By Denise Tessier
A week ago (March 13), the Albuquerque Journal gave its most important front page slot – the upper right-hand column – to an UpFront opinion piece by D’Val Westphal, one of the Journal’s editorial writers. It was headlined “Students’ letters show the system isn’t working”.
In it, Westphal reported that she had obtained, via a public records request, copies of 165 letters written by Santa Fe high school students to Education Secretary Hanna Skandera. And of these letters she wrote:
They are stunning. And not in a good way.
Illustrating the story were five letters, all of which were hand-printed – not typed or written in cursive – and Westphal wrote that they “seem to be from early elementary students with a rudimentary grasp of grammar, spelling and logic,” rather than from students in high school.
Four of the five letters contained misspellings and other mistakes. The impression left by the column was that the letters being shown and others quoted in the story with similar errors were representative of the total 165 letters, not anomalies. Yet, just three days before this column ran (March 10) the Journal published a well-research and articulate letter from a Kelly Drummond of Los Lunas (the fourth in this group of letters about testing), who self-identified as a student “speaking for many students at my school.”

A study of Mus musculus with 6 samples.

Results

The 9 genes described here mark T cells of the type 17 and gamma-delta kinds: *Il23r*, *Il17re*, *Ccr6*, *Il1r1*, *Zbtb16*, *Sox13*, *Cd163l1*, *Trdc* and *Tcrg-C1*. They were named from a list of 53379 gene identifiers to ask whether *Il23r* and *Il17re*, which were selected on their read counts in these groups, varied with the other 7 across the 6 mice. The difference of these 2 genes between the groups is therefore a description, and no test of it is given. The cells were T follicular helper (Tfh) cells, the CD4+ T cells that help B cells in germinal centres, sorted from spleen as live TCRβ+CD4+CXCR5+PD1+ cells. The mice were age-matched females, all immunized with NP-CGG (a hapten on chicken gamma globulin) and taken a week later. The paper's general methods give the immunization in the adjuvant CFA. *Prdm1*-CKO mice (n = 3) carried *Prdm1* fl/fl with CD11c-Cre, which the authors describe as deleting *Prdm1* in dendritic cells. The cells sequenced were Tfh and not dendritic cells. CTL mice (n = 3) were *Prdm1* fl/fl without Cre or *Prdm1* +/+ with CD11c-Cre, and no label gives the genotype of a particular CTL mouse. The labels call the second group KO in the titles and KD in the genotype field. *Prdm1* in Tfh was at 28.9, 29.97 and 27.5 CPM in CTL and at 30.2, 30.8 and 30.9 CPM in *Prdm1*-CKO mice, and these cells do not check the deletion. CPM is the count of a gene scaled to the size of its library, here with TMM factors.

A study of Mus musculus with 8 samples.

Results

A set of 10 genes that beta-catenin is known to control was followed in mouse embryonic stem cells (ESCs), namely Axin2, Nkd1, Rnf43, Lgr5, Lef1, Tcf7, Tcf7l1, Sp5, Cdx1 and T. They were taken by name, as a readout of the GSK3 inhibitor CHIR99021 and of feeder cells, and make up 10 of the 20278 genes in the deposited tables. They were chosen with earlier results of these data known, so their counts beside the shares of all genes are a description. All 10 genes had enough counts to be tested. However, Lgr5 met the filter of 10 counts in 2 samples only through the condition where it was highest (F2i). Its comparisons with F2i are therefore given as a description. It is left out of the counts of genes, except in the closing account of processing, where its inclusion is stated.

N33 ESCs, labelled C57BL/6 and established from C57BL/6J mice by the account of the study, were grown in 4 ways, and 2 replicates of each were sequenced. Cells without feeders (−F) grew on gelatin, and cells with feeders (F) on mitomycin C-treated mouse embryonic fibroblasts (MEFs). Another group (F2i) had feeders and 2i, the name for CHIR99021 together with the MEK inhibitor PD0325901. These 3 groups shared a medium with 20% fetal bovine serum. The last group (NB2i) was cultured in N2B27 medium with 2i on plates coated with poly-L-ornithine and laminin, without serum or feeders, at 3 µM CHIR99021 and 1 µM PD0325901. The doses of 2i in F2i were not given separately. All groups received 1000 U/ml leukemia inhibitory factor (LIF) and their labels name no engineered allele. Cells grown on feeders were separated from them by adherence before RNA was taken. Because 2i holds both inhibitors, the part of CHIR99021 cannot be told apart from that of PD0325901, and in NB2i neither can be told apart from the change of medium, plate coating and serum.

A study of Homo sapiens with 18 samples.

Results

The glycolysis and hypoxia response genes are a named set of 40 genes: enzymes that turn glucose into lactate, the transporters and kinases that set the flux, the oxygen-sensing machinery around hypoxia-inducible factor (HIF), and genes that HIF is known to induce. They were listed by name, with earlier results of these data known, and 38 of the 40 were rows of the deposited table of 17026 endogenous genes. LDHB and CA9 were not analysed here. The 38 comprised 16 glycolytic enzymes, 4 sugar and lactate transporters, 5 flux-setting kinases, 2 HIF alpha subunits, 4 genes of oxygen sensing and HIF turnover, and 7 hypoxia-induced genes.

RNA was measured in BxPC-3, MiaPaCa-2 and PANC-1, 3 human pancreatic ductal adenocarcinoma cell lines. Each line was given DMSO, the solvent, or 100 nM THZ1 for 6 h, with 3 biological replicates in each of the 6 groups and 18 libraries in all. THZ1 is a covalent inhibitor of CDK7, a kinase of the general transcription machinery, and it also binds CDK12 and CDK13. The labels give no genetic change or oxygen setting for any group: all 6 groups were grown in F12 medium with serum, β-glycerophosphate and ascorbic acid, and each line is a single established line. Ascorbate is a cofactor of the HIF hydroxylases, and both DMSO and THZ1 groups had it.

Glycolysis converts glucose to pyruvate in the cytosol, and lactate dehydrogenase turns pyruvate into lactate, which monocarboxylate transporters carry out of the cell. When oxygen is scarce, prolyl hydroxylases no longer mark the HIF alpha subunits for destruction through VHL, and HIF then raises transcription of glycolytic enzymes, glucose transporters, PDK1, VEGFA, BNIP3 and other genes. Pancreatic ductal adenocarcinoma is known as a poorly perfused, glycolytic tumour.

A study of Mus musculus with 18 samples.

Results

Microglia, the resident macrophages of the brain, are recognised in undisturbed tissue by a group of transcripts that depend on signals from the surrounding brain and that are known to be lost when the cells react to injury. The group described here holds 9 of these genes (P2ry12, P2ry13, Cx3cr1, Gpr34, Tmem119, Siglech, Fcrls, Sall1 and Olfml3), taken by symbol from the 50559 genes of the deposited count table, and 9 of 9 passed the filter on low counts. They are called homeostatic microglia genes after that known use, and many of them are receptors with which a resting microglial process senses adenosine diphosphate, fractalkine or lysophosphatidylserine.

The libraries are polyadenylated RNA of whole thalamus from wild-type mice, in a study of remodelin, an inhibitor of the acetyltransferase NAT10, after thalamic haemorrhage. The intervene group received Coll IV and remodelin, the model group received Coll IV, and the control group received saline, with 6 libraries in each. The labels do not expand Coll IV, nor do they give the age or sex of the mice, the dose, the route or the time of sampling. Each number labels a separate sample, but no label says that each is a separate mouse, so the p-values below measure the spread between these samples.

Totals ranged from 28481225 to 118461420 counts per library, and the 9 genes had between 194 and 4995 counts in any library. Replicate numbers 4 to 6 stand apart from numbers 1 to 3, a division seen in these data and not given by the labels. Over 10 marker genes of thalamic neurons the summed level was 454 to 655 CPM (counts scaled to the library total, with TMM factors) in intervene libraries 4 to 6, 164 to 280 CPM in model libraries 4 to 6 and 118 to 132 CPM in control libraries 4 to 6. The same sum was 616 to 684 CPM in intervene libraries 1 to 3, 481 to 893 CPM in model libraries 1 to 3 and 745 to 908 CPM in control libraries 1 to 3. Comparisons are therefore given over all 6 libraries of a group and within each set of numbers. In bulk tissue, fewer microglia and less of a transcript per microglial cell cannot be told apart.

That left this reader wondering. And it turns out, others were wondering about the letters and the Journal column as well.
KNME’s New Mexico in Focus weekly media email, in advance of its March 20 segment, said local expert panelists on the The Line would be discussing “whether student letters published recently in the Albuquerque Journal truly represent the writing skills of New Mexico students.”
Then Friday morning, before The Line discussion aired, Joey Peters of the Santa Fe Reporter wrote about the same group of letters Westphal had obtained, but put them in a completely different light.
The story Peters posted was headlined “Dear Hanna Skandera: Student letters to education secretary about PARCC testing weren’t as bad as story portrayed” and in it he wrote:
While Westphal picked the worst excerpts of the 165 letters sent to Skandera, for this post, I’ll do the opposite and choose from the best excerpts.